Obama’s NASA Speech


President Obama gave a talk at NASA the other day where he outlined the plans for the space program for the next couple decades. Gone is a return to the Moon. Added is manned missions to some asteroids. Delayed until at least 2035 is a human mission to orbit Mars. Unmentioned is a mission landing on Mars.

There’s a lot to like with this plan, as Phil Plait explains in great detail. He has pretty much the same thoughts on this I do.

I’m in favor of us going to the asteroids, and there’s a large increase in NASA’s budget that I like. I was initially against closing down the Constellation program, but from what I understand it’s not actually all that good. Orion is still around, but being turned into a crew escape vehicle for the ISS.

I’m also in favor of us going to Mars, but to put it bluntly, I don’t want to wait until I’m in my mid-60′s for it to happen. My grandparent’s generation is the one that went to the Moon. My generation should’ve gone to Mars. Instead the first person to set foot on Mars is probably in first or second grade right now. Maybe. I understand that going to Mars is not nearly as easy as going to the Moon, but that brings up my complaints about that.

We are not go for the Moon.

I do not understand at all why we are giving up on going back to the Moon. The last time we were there, I was about eight months old. We haven’t gone back since. We were just beginning some real science there, and there’s so much more to learn. This is like if Lewis and Clark had gone out West a couple times, then the President had said, “Ok, thanks! That’s all. Nothing more to see there.”

We need to go back to the Moon. Not just for more science, but because by developing new tech to get to the Moon we will have new tech to use when going to Mars. We can test-run everything on Moon missions. It’s so much easier to get to than Mars. There’s no reason we can’t do that while working on getting to the red planet.

And this ignores the inspiration factor. Imagine being a kid today and interested in science. You look up at the space station and see that and know that sometime after you’ve got kids of your own, we’ll possibly have people orbiting Mars. Maybe. You shrug and peruse a career as a lion tamer accountant.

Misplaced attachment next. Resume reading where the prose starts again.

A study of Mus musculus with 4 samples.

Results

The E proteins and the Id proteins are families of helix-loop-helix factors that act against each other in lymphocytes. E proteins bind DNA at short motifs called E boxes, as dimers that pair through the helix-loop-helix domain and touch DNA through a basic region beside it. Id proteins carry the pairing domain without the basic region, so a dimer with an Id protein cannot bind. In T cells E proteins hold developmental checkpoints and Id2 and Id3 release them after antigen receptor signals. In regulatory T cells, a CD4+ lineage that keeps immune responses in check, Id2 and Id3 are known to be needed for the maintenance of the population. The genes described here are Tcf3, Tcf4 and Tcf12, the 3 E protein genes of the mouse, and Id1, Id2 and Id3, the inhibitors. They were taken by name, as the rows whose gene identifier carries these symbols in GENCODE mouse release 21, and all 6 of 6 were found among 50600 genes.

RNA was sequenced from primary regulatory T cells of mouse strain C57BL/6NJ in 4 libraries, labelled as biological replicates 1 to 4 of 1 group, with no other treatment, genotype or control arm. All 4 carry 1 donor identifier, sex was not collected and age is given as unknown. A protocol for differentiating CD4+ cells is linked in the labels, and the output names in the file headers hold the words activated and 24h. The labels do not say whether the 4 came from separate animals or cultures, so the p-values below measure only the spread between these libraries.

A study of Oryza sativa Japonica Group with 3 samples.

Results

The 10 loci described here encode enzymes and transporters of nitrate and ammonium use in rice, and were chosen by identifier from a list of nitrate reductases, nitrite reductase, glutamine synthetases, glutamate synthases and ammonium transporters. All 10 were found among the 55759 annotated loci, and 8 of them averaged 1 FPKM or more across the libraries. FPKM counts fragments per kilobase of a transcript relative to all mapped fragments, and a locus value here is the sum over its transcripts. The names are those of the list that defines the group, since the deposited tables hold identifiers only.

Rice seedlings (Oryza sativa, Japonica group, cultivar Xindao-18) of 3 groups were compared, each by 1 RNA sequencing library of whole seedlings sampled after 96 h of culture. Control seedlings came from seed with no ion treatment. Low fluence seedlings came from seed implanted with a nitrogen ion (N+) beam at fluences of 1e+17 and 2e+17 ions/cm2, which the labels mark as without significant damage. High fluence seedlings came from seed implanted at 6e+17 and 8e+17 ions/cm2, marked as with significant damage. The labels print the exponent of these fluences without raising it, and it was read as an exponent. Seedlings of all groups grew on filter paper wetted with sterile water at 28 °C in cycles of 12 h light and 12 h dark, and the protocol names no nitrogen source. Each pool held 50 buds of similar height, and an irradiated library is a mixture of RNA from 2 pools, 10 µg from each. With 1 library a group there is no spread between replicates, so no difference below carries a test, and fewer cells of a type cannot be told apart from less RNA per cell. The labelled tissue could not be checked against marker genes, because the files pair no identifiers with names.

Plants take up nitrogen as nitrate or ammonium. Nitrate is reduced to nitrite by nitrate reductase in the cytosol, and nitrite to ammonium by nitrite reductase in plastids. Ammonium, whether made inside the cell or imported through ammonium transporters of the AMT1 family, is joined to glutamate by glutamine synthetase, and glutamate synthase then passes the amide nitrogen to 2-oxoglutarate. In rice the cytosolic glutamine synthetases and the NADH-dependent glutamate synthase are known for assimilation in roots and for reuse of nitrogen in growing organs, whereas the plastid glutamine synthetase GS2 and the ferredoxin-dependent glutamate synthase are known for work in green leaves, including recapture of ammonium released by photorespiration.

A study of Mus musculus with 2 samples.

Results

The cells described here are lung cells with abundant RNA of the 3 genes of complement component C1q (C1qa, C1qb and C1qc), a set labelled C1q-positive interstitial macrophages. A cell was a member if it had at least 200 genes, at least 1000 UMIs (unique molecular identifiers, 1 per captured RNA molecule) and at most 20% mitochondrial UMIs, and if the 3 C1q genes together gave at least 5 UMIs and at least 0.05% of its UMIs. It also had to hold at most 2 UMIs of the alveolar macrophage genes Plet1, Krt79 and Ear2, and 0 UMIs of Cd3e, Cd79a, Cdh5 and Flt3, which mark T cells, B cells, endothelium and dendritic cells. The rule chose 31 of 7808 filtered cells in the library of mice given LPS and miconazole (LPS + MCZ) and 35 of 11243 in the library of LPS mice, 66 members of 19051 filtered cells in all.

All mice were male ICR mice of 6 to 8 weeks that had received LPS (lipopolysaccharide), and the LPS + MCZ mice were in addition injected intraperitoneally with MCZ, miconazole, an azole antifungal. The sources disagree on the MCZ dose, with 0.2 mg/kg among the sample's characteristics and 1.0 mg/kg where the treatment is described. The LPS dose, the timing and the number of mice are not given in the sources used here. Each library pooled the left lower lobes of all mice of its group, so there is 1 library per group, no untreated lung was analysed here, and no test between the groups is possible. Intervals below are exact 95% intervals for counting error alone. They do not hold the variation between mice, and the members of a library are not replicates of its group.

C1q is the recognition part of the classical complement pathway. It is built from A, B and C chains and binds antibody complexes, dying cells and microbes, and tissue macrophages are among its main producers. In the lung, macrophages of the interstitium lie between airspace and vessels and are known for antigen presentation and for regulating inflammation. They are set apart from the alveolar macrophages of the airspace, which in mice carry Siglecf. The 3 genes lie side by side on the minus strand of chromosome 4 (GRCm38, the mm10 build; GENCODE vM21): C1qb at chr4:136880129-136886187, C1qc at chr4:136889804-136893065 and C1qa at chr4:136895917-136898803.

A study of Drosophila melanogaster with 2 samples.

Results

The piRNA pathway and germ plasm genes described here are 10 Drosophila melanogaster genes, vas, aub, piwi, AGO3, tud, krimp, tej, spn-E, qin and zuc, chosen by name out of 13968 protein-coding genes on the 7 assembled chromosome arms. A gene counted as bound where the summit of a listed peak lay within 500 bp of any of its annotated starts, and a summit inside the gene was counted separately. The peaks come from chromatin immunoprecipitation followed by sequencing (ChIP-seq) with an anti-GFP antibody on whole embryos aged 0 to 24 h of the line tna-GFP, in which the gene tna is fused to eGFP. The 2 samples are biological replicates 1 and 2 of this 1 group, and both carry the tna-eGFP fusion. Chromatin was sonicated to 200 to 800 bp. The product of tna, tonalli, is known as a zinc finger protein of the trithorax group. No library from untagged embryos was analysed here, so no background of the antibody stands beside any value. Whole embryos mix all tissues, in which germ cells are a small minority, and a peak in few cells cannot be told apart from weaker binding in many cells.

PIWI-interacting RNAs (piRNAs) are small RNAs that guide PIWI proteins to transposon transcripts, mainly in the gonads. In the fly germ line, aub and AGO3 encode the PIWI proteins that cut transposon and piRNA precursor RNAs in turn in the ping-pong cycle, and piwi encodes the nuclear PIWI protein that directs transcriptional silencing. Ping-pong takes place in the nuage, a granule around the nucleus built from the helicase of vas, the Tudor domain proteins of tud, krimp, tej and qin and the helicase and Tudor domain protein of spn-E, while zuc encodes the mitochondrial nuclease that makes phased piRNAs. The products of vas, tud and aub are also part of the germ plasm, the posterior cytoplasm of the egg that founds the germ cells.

But instead imagine that you look up and know that we have people on the Moon, or about to get to the Moon, or having just left the Moon. You’d know that Mars was still a long way off, but in the meantime we’re on the freaking Moon! How much more inspiring would that be? Quite a bit I’d say.

As it stands we’re likely to have someone on the Moon within the next 10 – 15 years, just not an American. The Chinese have every intention of going there and setting up a base by 2014. Now I’m not some paranoid nationalist like a certain Congressman who was appalled we’ll be relying on “the Soviet Union” to get to the ISS, but, dammit, I want us to have a Moon base before the Chinese do! Before anyone does! We’re America, right? We’re supposed to be the big boys! We should be first.

Oh, and one last side note here. The shuttle fleet is retiring at the end of this year. This is thanks to George W who had the program start winding down before we had a replacement ready to go. Yes, this is the same level of preparation I’d come to expect from the administration that gave us the war in Iraq, massive deficits and the mess after Katrina. This guy is just the gift that keeps on fucking up, eh?


  1. SkyWayManAz Says:

    There are so many things wrong with the shuttle I don’t even know where to begin. It’s been obvious from the beginning and if anything gotten worse over time. President Bush made the right decision by cancelling the shuttle program. He did order a replacement program in Orion but I thought the delay of 4-5 years between the final shuttle flight and first manned Orion mission was a bad omen. Then again there were 6 years between the final Apollo mission (which I saw pass overhead as a child) and the first shuttle launch. The shuttle was supposed to be ready to fly in a few years. Then it was going to rescue Skylab on its first mission, ooops! At least it wasn’t cancelled by the Carter administration, which is what Obama did to Orion. All that is left is a rescue vehicle. Without being used for American manned space flight it doesn’t really have a role and probably won’t survive budget cuts. That’s what happened to the last American rescue vehicle (which I saw being hauled as a wide load on US 395 about 10 years ago). Obama should have never cancelled Orion. Your tone reminds me it was very easy for him to politcally and blame the whole mess on Bush. We’ll see what history says about the death of manned US spaceflight.

    • Chris Says:

      Well, I don’t think this is the end of manned space flight for the USA. Clearly it is not, in fact. Second, yes, it would’ve been very easy for him to blame it on Bush, but he didn’t; I did.